Silent rally and awareness workshop held on rare genetic disorders
Bengaluru, Karnataka, August 20, 2014 -(PressReleasePoint)- With an aim to seek fund allocation for treatment of rare genetic disorders from the government, a silent rally was held at Cubbon Park in the city today. The walk organized by Lysosomal Storage Disorder Support Society (LSDSS) in association with Centre for Human Genetics saw participation from around 50 rare disease patients along with their parents holding placards and banners to highlight their plight to the Government of Karnataka.
LSDSS has been continuously approaching the Government of Karnataka by means of a number of petitions/applications as well as follow up reminders to concerned authorities. The govt of Karnataka made a historic decision to include treatment of Rare Diseases children in Karnataka and made a budgetary provision in 2014-15 to set up a special unit at Indira Gandhi Institute of Child Health. Petitions on behalf of 31 patients suffering from Lysosomal Storage Disorders have been submitted to the State Govt. Although the budget has been passed in the Karnataka Assembly; the Special Unit is yet to be set up in Indira Gandhi Institute of Child Health.
In the state of Karnataka, there are about 50 known patients suffering from Lysosomal Storage Disorders (LSDs), a group of over 45 rare genetic disorders that occur due to the deficiency of specific enzymes in special compartments (lysosomes) of cells.
Treatment in the form of Enzyme replacement therapy (ERT) is available for a few disorders. The diseases for which ERT is currently the standard of care to lead a normal life are Gaucher disease, MPS I, MPS II, Pompe disease, Fabry disease and MPS VI.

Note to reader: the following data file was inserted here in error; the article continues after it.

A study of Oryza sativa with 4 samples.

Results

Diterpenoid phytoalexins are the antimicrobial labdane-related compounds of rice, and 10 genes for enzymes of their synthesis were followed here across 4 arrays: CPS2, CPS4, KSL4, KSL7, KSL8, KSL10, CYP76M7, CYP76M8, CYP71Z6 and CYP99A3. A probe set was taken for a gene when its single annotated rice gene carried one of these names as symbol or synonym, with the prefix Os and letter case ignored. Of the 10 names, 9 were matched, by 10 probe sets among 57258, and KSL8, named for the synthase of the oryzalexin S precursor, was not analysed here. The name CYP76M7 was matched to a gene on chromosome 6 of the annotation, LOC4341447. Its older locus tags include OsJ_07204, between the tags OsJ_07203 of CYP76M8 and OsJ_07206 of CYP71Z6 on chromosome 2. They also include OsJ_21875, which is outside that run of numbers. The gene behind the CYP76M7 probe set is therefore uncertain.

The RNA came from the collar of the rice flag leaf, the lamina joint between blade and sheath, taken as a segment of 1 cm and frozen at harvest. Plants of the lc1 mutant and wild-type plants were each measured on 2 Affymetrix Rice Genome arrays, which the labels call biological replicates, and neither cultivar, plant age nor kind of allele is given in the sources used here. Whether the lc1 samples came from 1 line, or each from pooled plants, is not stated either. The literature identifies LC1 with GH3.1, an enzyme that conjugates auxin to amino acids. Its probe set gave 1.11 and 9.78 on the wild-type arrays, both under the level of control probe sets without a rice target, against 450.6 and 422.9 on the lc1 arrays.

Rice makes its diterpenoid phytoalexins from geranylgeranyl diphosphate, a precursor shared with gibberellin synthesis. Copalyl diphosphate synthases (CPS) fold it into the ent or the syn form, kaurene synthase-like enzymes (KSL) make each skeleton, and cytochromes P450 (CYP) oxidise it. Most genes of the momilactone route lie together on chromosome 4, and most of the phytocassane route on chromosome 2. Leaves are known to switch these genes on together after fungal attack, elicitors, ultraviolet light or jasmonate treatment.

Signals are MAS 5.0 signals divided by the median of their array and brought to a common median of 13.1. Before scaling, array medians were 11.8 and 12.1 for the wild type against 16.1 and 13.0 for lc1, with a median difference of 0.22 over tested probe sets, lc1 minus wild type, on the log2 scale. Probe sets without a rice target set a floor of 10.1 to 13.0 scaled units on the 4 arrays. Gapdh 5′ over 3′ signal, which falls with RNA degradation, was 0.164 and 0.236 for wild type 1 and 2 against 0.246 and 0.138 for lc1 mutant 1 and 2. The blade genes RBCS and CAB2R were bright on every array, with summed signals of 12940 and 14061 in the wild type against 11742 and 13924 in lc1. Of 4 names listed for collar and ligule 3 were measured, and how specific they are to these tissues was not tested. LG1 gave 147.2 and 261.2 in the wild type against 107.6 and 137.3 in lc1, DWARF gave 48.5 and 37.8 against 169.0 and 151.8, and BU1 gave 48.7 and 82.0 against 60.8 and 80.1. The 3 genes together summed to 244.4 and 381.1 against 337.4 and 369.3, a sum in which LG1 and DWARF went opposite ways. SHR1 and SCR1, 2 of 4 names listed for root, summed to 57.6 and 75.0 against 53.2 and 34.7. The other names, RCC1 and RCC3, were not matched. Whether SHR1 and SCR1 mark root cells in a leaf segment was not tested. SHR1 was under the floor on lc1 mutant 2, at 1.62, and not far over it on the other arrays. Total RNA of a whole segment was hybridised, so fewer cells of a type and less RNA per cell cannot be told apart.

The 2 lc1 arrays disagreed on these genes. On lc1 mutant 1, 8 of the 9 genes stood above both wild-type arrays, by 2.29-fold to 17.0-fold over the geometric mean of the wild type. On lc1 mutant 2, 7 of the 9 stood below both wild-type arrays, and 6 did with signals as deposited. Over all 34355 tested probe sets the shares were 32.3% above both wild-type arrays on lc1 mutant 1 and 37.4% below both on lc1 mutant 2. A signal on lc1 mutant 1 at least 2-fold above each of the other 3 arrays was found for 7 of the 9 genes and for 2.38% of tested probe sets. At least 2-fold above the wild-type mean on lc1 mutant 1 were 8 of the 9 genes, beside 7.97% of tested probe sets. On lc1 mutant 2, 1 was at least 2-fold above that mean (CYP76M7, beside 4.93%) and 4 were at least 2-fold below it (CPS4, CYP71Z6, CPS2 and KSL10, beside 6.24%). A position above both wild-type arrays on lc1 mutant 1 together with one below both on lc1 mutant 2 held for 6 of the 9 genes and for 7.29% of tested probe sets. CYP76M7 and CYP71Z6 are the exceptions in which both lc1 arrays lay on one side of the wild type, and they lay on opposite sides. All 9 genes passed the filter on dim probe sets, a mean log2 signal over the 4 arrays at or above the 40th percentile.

The silent rally was followed by a patient awareness workshop where Dr Meenakshi Bhat, Consultant in Clinical Genetics, Centre for Human Genetics, Bangalore said, “It is increasingly becoming possible to diagnose patients suffering from rare disorders such as Lysosomal storage disorders (LSD). Misdiagnosis and delay in treatment can lead to serious complications. With proper treatment, the patients can lead near normal and productive lives. The major factor limiting widespread access to enzyme replacement therapy in India is the prohibitive cost, the need to import these medicines and lack of supportive care. Most of all, the cost of definitive treatment in these medical conditions need to be supported by government health programmes”
Lavanya, a patient of MPS Type 1 gives a ray of hope for survival to other patients. Diagnosed at the age of 4 years, she could not sit, stand or hold herself like other children during her early years. But today with access to ERT she holds her spirits high. She is able to lead a normal life, pursue higher studies and celebrate her 17th birthday.
Dr Meenakshi, said “ERT is critical to improve the quality of life for patients suffering with rare genetic disorders for which there is no cure. Without treatment, there is progressive accumulation of partially degraded compounds which stealthily leads to multiorgan dysfunction.”
Said Manjit Singh, President, LSDSS: “Treatment for LSD is beyond the reach for most patients. Government support in terms of funding is imperative to help them lead a normal life. We urge Karnataka Government to release funds already allocated in the state budget for the treatment of rare diseases without any further delay so that patients get timely treatment.”
About LSD Support Society:
The LSD Support Society (LSDSS) is a group comprising patients, families and caregivers who know what it’s like to live with LSDs. LSDSS aims to create a strong voice for LSD patients in India by forming a strong national support group. LSDSS campaigns for early diagnosis and effective, affordable and safe therapies for rare diseases such as Gaucher, MPS, Fabry and Pompe. It also strives to provide information and support to all patients, their families and others with interests in rare diseases.
Keeping in mind the low awareness levels on LSDs, the LSDSS organizes events to make the general public and decision-makers aware about rare disorders and their impact on the lives of the patients’ and their families.